Pablo Picasso's Guernica


Pablo Picasso’s Guernica—a powerful and shocking image of modernwarefare—depicts the chaos wrought by German bombers on a small town during the Spanish Civil War.

Guernica is considered to be one of the visual art worlds greatest anti-war works and Picasso’s greatest masterpiece. Despite the enormous interest the painting generated in his lifetime, Picasso obstinately refused to explain Guernica’s imagery. Guernica has been the subject of more books than any other work in modern art and it is often described as…”the most important work of art of the twentieth century”, yet its meanings have to this day eluded some of the most renowned scholars.

In the first aerial assault on a strictly civilian target in history, German bombers commanded by fascist authorities, bombed and destroyed the Basque town of Guernica in northern Spain during the Spanish Civil War. Picasso, dismayed at the event and sympathetic to the Republicans, made the attack the subject of a huge mural (eleven by twenty-five feet), hoping to draw international attention to the war. Dora Maar, Picasso’s mistress at the time, documented his progress in a series of photographs.

The composition of Gurenica consists of a central triangle flanked by two rectangles. A the apex of the triangle, the starkly illuminated head of an injured horse conveys the suffering of all the innocent victims. To the left is a bull that, according to Picasso, represents brutality and darkness. Below the bull, a lamenting woman holds her dead child in a pose evocative of Christian images of the Virgin Mary holding her crucified son. Sprawled at the foot of the picture is a fallen figure clutching a broken sword with which he had hoped to combat the fighter planes. On the right are three more figures in agony. The painting is executed in as style reminiscent of synthetic cubism. Although Picasso did not use collage, some of the figures appear as though they were cut out of newsprint and pasted on to the canvas.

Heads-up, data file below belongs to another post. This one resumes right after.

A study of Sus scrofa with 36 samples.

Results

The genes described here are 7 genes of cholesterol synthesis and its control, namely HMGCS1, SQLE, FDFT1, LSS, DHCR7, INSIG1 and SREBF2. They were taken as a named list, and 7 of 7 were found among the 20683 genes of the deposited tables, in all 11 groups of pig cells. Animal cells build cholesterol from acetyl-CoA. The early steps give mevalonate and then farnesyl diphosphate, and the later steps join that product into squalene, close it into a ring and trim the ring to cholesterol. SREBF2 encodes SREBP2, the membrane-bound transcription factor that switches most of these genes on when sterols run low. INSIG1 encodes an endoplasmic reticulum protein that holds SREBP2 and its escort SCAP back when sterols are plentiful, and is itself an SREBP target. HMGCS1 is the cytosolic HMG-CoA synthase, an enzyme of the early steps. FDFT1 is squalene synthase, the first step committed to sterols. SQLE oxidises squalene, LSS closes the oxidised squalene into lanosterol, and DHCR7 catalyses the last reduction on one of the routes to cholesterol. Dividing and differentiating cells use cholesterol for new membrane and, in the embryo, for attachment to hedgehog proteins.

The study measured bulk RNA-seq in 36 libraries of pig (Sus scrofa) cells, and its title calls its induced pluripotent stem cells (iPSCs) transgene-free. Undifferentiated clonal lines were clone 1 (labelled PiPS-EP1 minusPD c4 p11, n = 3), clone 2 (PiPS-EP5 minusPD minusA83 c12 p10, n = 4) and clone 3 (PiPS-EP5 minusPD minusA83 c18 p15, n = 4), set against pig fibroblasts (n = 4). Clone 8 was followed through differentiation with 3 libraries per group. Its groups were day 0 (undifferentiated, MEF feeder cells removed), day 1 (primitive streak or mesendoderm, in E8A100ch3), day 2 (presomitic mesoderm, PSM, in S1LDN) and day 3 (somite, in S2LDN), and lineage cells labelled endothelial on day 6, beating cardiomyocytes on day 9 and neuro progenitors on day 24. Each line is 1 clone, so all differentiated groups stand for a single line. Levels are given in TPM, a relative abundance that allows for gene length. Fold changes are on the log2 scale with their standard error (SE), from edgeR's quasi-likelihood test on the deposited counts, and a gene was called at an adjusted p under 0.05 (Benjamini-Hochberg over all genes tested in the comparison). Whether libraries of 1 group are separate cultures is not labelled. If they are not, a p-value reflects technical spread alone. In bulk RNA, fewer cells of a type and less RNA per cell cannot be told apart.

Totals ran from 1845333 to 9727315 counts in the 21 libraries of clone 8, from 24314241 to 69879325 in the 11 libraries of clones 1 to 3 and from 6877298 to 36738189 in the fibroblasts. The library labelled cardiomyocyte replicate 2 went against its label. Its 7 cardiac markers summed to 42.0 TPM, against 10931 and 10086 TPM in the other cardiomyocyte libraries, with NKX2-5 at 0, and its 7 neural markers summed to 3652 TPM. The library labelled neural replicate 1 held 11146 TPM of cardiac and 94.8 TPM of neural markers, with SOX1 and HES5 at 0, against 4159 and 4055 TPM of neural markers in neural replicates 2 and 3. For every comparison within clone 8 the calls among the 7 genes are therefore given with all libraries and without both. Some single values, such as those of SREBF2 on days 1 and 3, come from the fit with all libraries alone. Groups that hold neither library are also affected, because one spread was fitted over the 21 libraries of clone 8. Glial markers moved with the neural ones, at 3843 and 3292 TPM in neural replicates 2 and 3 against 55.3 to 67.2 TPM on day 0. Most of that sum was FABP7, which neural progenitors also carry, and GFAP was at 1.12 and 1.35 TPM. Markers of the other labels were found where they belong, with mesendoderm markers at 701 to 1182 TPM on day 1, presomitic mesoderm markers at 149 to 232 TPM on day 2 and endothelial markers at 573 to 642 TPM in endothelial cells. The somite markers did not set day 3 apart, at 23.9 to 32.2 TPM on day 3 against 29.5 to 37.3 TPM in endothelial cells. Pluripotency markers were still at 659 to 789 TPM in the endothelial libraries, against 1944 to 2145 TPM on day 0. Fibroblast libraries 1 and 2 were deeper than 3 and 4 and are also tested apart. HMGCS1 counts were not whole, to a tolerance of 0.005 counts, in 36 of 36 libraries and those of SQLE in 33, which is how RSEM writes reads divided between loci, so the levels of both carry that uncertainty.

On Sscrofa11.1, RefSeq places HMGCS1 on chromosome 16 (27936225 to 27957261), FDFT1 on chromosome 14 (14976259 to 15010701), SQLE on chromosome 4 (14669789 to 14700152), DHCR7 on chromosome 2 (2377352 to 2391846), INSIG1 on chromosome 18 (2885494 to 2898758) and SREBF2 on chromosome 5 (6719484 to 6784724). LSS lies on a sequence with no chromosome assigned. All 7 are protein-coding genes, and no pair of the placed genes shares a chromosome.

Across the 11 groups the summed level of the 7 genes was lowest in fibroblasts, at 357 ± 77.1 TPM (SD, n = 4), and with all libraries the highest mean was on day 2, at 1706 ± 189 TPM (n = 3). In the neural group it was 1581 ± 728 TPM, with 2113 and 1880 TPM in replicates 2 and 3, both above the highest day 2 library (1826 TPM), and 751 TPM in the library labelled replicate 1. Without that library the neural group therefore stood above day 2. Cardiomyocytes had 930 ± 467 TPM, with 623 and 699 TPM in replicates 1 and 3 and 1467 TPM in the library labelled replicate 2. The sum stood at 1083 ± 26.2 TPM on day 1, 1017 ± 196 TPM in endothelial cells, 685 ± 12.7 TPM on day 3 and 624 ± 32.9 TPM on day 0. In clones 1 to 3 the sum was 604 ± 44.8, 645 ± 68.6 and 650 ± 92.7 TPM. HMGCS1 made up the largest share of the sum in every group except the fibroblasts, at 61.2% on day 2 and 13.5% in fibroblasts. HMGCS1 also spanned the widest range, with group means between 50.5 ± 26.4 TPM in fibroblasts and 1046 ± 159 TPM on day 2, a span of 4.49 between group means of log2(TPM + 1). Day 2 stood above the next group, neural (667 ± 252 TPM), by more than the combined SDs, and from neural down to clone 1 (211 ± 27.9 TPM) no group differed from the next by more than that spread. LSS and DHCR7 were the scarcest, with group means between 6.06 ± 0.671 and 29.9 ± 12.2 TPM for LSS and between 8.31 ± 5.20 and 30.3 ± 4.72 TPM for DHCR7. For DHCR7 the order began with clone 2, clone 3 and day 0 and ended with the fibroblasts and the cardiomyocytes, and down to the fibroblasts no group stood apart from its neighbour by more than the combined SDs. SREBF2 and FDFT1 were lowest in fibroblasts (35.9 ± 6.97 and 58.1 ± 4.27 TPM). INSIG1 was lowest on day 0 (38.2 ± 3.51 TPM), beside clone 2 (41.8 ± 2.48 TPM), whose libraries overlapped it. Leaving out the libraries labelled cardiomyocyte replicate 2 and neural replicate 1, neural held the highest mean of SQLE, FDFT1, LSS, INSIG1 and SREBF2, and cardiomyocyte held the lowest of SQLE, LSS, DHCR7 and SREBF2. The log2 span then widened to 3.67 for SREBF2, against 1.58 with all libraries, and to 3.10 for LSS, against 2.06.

After the work was exhibited at the Parisian Exposition, it was sent to Scandinavia and later on to London. After the fascists defeated the Republicans in Spain, Picasso requested that Guernica be sent to the Museum of Modern Art in New York. (Picasso was also an avid promoter of his own works.) He specified that the painting should be returned to Spain only after the country had been liberated from fascism. After General Franco’s death in 1981, the painting was sent to Madrid where it is displayed at the Museo Reina Sofia.


Additional Facts
  • A tapestry copy of Guernica was commissioned by Nelson Rockerfeller for the United Nations.
  • Basque nationalists have petitioned to have the painting sent to the new Guggenheim Museum in Bilbao, thirty miles from Guernica.